All Ages Admitted // 21 to drink with ID
ADV $27.50 | DOS $31
Tickets on sale to the General Public – 4/29/22 @ 10AM
General Admission Standing – there isn’t a bad spot in the house!
Reserved Balcony seating available for Sherman Theater Members only
For membership information, please contact [email protected]
VIP BOX: Sherman Theater Members $470 | Non-Members $550
SKYBOX: Sherman Theater Member $607.50 | Non-Members $687.50
FOR INFORMATION ON VIP BOXES AND SKYBOXES, CLICK HERE
Can’t make the show? Donate now to support so we can bring more events like this!
Greg Barnett (vocals, guitar) – Tom May (vocals, guitar) – Eric Keen (bass) – Joe Godino (drums)
Since forming as teenagers in 2006, The Menzingers have shown their strength as rough-and-tumble storytellers, turning out songs equally rooted in frenetic energy and lifelike detail. On their new album Hello Exile, the Philadelphia-based punk band take their lyrical narrative to a whole new level and share their reflections on moments from the past and present: high-school hellraising, troubled relationships, aging and alcohol and political ennui. And while their songs often reveal certain painful truths, Hello Exile ultimately maintains the irrepressible spirit that’s always defined the band.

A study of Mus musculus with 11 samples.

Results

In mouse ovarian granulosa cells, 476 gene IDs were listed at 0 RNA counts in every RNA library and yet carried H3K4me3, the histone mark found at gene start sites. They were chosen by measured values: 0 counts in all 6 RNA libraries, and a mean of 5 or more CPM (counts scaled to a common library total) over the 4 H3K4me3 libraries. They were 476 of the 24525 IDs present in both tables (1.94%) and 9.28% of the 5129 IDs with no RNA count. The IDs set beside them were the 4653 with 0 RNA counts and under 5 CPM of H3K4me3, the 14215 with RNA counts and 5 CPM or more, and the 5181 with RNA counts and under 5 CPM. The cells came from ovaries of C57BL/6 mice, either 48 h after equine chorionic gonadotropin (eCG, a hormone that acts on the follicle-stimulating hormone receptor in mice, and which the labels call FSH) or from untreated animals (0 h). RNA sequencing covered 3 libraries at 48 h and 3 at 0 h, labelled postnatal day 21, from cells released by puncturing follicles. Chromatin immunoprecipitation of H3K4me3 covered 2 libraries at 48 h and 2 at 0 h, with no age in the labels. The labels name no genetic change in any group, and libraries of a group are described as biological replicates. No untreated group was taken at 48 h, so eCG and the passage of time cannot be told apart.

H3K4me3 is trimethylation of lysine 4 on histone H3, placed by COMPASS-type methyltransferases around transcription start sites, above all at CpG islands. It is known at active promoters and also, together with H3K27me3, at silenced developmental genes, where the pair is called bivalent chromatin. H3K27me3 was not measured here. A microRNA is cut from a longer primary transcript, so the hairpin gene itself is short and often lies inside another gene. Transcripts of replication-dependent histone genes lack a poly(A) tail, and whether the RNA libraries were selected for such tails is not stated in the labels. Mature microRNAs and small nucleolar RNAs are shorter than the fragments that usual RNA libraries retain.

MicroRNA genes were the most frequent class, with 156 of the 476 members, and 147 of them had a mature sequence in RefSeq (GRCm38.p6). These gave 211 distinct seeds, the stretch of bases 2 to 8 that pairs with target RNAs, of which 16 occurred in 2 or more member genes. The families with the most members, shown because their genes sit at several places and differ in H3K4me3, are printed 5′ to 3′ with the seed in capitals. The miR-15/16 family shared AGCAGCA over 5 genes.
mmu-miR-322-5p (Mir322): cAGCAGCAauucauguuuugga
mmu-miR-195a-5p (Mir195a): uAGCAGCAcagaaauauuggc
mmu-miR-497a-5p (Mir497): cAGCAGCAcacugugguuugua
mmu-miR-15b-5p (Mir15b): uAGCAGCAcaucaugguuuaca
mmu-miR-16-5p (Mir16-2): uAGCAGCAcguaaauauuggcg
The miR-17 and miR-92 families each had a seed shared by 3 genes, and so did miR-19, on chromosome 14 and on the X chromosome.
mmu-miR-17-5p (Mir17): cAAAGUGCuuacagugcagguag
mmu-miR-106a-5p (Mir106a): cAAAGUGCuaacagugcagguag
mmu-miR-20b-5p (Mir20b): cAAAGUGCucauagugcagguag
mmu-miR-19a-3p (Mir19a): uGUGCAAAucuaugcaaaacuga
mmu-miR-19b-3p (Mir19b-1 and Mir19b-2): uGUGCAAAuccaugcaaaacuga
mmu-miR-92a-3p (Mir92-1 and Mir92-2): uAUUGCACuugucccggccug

The sixth full-length from The Menzingers, Hello Exile arrives as the follow-up to After the Party: a 2017 release that landed on best-of-the-year lists from outlets like Clash and Noisey, with Stereogum praising its “almost unfairly well-written punk songs.” In creating the album, the band again joined forces with producer Will Yip (Mannequin Pussy, Quicksand), spending six weeks recording at Yip’s Conshohocken, PA-based Studio 4. “That’s the longest amount of time we’ve ever worked with Will,” notes Barnett. “We wanted to make sure these stories didn’t get lost in the music, so we kept it to a lot of room sounds with the guitar and bass and drums.”
Elsewhere on Hello Exile, The Menzingers turn their incisive songwriting to matters of love and romance, exploring the glories and failures of human connection. A wistful piece of jangle-pop, “Anna” paints a portrait of lovesick longing, complete with dreamy recollections of wine-drunk kitchen dancing. And on “Strangers Forever,” the band shifts gears for a searing tribute to parting ways, backing their spiky guitars with brilliantly barbed lyrics (e.g., “Maybe it’s for the better if we both stay strangers forever”).
In looking back on the songwriting process behind Hello Exile, Barnett points to the starkly confessional “I Can’t Stop Drinking” to illustrate the band’s commitment to total candor. “We’ve written so many songs about fun times with alcohol—but the older you get, it’s not always fun anymore,” he says. “With ‘I Can’t Stop Drinking,’ I wanted to be completely truthful and get away from glorifying anything. Sometimes it’s tough to look at yourself and at others that way, but it felt important to make it as real as possible.”
With the band achieving that soul-baring intimacy all throughout the album, Hello Exile emerges as The Menzingers’ most emotionally daring work to date. Not only a creative turning point for The Menzingers, that uncompromising honesty helps fulfill their mission of leaving each listener with a potent sense of solidarity.